It may look like someone stepped on a Volkswagen Beetle, but the Toyota Echo is a groundbreaking car in many ways. First, it happens to be one of the first attempts by Toyota’s Genesis youth marketing group to attract new, younger buyers to Toyota. Second, it’s maybe the only economy car in the world that struts out tall-roof packaging, a lightweight steel structure and a small displacement, high output four-cylinder engine with variable valve timing. To be sure, the Echo strays far from the status quo in the subcompact segment in the U.S.
Technology and Genesis influence aside, the real question is whether it’s a car worthy of your consideration. Despite all the technological and engineering fireworks it brings to the party, the Echo doesn’t light our sparklers.
Styllng is the Achilles heel of the Echo. By the time the Genesis group was formed in September of 1998, most of the Echo’s development had been completed, including the shape. But they were able to make some minor modifications, including jettisoning the wheel covers for new ones, and adding an overfender and ground-effects package that imparts a slightly less awkward look. Inside, the Genesis team tossed out the anemic audio system originally specified for the car and added an impressive six-speaker sound system with an available cassette/CD combination head unit.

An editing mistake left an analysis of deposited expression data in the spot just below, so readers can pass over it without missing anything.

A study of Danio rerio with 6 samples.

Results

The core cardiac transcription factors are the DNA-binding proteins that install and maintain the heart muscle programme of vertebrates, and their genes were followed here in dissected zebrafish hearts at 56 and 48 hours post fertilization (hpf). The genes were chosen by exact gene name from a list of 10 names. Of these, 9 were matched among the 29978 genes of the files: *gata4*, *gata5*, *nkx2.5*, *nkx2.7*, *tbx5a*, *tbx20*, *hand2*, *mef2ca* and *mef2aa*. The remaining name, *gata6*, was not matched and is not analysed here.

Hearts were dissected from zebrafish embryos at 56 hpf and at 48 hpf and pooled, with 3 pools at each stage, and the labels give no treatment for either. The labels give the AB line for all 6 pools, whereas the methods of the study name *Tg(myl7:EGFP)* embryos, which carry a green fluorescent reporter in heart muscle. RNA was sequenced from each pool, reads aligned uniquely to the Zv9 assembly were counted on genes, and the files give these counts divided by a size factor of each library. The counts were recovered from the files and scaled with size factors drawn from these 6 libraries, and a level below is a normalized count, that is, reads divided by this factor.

Uncool on campus
Genesis influences notwithstanding, judging by the reactions we have heard, most still seem to think the car is rather unappealing. In fact, "dorky" is a word oft heard to describe the car’s aesthetics around college campuses and Internet chat rooms.
(To be fair, some also said they thought it was "cute," but we have also heard that word used to describe the now-defunct Ford Aspire as well as the Chevrolet Metro and Suzuki Swift, cars that won’t grace any Car of the Century list in this millennium.)